The Advice of Elders

2 Chronicles 10   But Rehoboam rejected the advice the elders gave him and consulted the young men who had grown up with him and were serving him.

 

Hanging out with buddies of similar ages is a special thing especially if you play together on a team.  Deep bonds can be formed, and lasting memories can be created.  I have many fond memories of the soccer teams I played on in my youth, our accomplishments and the friendships that were created.  There was a less positive side to this time though which started to rear its ugly head as we grew into our early and late teens – it was what I call “the macho years”.

Testosterone starts flowing in greater volumes, and the pre-frontal cortex (the part of the brain that allows a person to consider the longer term ramifications of decisions) is only partially developed (in males it is not fully developed until the age of 25).  The result is that very poor, spur-of-the-moment decisions are made in games.  A player takes you out in a poor tackle; a pitcher hits you with a pitch; a runner trips you up in a previous race; a hockey player hits you from behind.  If you choose the advice of your teammates the advice will usually be consistent: “take them out!”

It is in these situations that hopefully you have a wise coach who operates as your “Pre-frontal Cortex” and they think through the ramifications of your decision.  In fact great coaches spend as much time concentrating on life lessons, and discipline as they do the skills of the sports.  In doing so, when something happens in the spur of the moment, the athletes can react wisely based on the training of discipline from their coach.

This story in 2 Chronicles 10 is a great example of where a young man had a choice to either take the advice of elders or the advice of his peers.  After King Solomon died, his son Rehoboam was ready to lead the Israelites; the people approached the new king to see if he would lighten the burden that his father had put on them.  Rehoboam consulted the elders and they advised him that it would be wise to be kind to these people because they had worked very hard for his father for many years and if he shows them kindness they would always be his servants.  But it says that Rehoboam rejected their advice and instead listened to the counsel of the young men he had grown up with.  Following their advice, Rehoboam said to the people:  “My little finger is thicker than my father’s waist.  My father laid on you a heavy yoke.  I will make it even heavier.  My father scourged you with whips.  I will scourge you with scorpions.” (2 Chronicles 10b-11).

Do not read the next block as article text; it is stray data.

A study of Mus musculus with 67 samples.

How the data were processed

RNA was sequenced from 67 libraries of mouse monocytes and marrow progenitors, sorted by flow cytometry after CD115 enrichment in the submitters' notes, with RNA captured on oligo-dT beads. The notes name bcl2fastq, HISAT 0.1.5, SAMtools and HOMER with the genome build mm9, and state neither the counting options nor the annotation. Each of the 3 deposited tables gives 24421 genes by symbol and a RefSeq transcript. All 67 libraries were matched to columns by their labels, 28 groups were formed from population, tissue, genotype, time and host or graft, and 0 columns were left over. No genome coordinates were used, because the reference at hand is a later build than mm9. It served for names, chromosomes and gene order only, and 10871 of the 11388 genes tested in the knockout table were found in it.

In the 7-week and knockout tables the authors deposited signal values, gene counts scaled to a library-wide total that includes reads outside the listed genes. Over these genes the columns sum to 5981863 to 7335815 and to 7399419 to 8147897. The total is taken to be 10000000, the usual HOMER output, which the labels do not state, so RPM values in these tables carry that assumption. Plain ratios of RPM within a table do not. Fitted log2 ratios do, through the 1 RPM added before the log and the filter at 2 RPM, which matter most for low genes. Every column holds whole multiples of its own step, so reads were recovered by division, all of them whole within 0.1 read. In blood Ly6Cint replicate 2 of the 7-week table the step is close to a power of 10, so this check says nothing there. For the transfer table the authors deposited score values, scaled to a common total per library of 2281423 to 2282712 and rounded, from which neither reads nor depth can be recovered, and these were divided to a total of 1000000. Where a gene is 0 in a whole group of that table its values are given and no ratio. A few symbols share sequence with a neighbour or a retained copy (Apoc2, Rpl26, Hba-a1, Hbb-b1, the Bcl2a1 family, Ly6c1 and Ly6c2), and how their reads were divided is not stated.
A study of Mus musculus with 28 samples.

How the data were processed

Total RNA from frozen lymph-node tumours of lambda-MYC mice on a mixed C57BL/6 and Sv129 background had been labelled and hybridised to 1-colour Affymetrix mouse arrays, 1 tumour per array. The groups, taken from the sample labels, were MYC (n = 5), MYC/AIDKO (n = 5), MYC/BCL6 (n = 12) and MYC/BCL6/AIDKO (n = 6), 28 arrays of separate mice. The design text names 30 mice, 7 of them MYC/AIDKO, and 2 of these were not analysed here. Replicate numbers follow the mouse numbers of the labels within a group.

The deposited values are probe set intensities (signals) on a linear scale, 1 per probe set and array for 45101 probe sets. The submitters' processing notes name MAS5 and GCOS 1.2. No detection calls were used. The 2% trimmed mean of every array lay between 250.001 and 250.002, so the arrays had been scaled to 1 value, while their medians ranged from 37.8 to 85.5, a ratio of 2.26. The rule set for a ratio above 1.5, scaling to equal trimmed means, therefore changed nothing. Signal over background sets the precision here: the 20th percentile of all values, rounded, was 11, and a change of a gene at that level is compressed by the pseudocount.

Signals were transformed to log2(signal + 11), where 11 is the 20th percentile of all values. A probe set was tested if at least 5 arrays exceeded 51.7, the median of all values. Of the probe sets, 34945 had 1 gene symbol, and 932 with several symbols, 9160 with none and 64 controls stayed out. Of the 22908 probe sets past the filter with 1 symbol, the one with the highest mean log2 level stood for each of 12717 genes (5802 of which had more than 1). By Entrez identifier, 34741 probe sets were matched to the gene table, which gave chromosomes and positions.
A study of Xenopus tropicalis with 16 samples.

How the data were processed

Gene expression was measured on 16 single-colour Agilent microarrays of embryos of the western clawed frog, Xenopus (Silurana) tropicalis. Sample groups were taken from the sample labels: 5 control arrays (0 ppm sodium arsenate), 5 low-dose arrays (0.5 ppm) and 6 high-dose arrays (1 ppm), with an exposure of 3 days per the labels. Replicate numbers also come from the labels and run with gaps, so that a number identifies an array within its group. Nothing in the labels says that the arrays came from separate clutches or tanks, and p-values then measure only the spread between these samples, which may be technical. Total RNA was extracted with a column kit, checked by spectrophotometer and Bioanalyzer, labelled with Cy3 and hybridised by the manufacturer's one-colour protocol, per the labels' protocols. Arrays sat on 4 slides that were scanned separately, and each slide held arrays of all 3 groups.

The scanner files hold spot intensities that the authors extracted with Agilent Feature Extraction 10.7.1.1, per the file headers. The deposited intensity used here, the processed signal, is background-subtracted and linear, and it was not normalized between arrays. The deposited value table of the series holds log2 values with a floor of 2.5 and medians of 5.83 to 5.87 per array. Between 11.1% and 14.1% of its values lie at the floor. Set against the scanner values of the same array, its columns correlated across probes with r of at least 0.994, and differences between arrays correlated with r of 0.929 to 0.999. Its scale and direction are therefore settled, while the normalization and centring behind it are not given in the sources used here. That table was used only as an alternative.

When Rehoboam sent out his leader who was in charge of forced labour, the people stoned him to death, and King Rehoboam just managed to get into a chariot and escape to Jerusalem himself.  2 Chronicles 10 finishes by saying:  “So Israel has been in rebellion against the house of David to this day”.

Not all older people are wise, but there is often a strong correlation between age and wisdom.  If you diligently seek wisdom, if you earnestly want to make wise decisions, God will certainly bring “elders” into your life to give you wise counsel and help communicate God’s truths to you.  Do not be foolish like Rehoboam.  That seemingly small, single decision to heed the advice of his friends rather than the elders caused generational pain for millions.  Likewise, you may not even understand the future ramifications of the decisions you make today, but recognize that God will surround you with wise counsel if you desire it, and if you receive such wise counsel, be sure to heed it rather than suffer the consequences.